High School in the centre of Ljubljana has no school yard or open space of its own, so the teachers and students decided to design a terrace garden.
Jože Plečnik High School is a public school owned and financed by the government in the centre of Ljubljana and has no school yard or open space of its own. The school management was looking for a way to offer its students a safe green space to relax, learn and socialise and the idea for a roof garden was suggested. Due to a lack of funds, a diverse public-private partnership of the high school (including students), landscape designers NGO Pazi!park and several donor companies was established in 2015.
A 50m2 roof garden on a terrace was created through a series of successive workshops over six months. The terrace was designed to encourage the growth of many diverse plants whilst ensuring there is suitable space for students to socialise. In addition to the beds, benches and storage space for equipment was incorporated into the plan. The planting design considered the specific growing conditions on the roof (e.g. the exposure to the wind and the sun, drought and drying of the soil, winter frost). All the construction, sowing and planting was carried out by students themselves, with the help of expert mentors. Building the garden forged bonds between participants; it led to mutual understanding and trust, and to raised awareness and responsibility towards the environment. The little terrace is not just a vegetable garden but also an outdoor classroom, a laboratory for discovering nature and a place for socialising in the open air.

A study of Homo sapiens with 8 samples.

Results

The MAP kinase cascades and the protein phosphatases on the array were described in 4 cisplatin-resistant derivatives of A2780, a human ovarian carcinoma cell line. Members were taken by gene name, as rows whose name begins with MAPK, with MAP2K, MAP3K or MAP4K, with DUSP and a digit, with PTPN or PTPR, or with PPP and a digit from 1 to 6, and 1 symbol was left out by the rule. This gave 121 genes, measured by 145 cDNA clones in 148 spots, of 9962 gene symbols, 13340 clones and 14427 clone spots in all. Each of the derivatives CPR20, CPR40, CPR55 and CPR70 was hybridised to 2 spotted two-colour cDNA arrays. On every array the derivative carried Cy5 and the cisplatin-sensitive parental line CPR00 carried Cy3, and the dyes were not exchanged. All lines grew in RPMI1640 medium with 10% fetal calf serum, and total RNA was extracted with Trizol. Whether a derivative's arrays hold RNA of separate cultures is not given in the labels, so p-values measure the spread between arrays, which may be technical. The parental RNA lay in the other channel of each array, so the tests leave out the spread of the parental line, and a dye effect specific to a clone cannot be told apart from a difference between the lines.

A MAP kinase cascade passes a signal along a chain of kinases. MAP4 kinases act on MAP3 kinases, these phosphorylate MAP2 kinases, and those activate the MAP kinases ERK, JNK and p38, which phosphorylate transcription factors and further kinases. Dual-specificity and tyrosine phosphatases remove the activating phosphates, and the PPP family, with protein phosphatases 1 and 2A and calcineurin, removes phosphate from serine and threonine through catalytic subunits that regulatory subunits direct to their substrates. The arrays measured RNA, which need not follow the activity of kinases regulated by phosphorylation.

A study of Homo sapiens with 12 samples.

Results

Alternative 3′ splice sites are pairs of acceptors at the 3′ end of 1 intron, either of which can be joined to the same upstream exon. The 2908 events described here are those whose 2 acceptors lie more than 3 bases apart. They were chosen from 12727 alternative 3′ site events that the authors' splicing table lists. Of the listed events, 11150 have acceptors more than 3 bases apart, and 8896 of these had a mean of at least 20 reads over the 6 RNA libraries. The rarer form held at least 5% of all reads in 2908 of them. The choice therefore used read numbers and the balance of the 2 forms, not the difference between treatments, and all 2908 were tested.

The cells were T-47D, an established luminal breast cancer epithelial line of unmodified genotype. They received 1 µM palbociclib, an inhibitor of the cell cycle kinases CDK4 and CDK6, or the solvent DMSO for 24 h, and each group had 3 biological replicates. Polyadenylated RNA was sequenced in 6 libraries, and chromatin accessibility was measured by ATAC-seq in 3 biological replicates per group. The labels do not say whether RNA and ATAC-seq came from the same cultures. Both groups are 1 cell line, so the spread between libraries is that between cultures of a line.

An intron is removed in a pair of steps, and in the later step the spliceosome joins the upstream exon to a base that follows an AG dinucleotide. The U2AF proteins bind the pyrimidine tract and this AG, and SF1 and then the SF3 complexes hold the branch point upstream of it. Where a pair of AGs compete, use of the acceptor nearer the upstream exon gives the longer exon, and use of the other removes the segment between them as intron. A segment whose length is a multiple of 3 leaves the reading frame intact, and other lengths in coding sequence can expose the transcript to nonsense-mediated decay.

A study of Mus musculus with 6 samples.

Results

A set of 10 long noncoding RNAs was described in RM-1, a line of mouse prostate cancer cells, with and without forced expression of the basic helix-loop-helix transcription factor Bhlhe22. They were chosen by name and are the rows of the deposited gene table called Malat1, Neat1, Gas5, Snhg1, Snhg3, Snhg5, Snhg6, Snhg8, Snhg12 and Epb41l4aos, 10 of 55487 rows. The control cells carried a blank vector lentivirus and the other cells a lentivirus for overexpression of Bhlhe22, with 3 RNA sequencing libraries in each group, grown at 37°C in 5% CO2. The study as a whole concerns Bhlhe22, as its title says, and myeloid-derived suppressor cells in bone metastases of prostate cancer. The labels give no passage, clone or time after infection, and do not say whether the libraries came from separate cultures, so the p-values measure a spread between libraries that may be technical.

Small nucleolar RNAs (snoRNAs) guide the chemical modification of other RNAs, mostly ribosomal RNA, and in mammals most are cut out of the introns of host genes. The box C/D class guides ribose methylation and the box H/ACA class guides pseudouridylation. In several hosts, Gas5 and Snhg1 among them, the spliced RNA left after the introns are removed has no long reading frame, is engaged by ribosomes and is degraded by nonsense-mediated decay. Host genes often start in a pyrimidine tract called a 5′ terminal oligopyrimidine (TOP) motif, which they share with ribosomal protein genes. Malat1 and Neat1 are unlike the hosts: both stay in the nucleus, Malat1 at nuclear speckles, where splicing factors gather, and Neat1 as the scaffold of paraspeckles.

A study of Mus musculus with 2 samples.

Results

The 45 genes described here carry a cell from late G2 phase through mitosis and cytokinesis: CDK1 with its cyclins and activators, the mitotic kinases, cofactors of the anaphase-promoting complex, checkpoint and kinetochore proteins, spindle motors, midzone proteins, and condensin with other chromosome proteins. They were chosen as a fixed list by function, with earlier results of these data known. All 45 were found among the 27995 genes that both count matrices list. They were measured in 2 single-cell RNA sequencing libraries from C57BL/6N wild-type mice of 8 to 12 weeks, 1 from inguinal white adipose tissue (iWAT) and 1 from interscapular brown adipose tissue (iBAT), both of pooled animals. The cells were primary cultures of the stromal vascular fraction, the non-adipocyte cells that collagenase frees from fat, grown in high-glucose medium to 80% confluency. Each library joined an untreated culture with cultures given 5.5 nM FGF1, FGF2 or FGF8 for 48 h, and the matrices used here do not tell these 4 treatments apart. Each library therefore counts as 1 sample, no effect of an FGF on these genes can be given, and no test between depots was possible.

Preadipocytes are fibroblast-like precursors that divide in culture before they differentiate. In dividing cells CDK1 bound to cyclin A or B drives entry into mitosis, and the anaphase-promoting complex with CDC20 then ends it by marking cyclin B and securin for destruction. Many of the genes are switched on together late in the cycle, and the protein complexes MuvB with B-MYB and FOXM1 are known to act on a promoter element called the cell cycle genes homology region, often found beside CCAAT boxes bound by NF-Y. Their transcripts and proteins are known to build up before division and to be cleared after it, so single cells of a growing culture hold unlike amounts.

Due to donor companies and voluntary work (students, teachers, NGO) the value of the project is much higher than the actual cost: 20% of the total value were material costs payed by school (cca 4.000 EUR), 25% of voluntary work and 55% of donations.
Evidence of success
The terrace is a big success and is much liked and visited during lessons and school breaks by students of every new generation. Various events, workshops and culinary events are now taking place in the terrace garden. The variety of vegetation and selection of species attract bees, butterflies and other insects, increasing the biodiversity of a predominantly urbanised area. The success of the project lead to a similar renovation of the big school terrace in 2017.
The main challenge was lack of funds, which was compensated greatly by voluntary work and donor companies. That made project more demanding for management and coordination. Without dedicated / passionate individuals and the expert help of an NGO it would be hard to realize the project.
Potential for learning or transfer
The good practice was presented to the PERFECT partnership and stakeholders during one of the partner’s meetings. It was also presented as a good practice of some of other EU projects (AgriGo4Cities, Human Cities 2).
The practice is easily transferable and can be recreated with little resources and a lot of engagement. Tips for the transfer: a) One should always start with a clear idea, presented to as many stakeholders as possible (they can help with the later implementation), b) first step should always be supported by decision-makers (e.g. a principle of the school or other institution), c) action plan should be made by experts who consider all the aspects and can offer technical and aesthetic guidance that makes the implementation easier, d) one of the main measures of sustainable planning is to involve different experts in order to gain new knowledge and to include future users into the process as soon as possible (participatory co-design).
Please login to see the expert opinion of this good practice.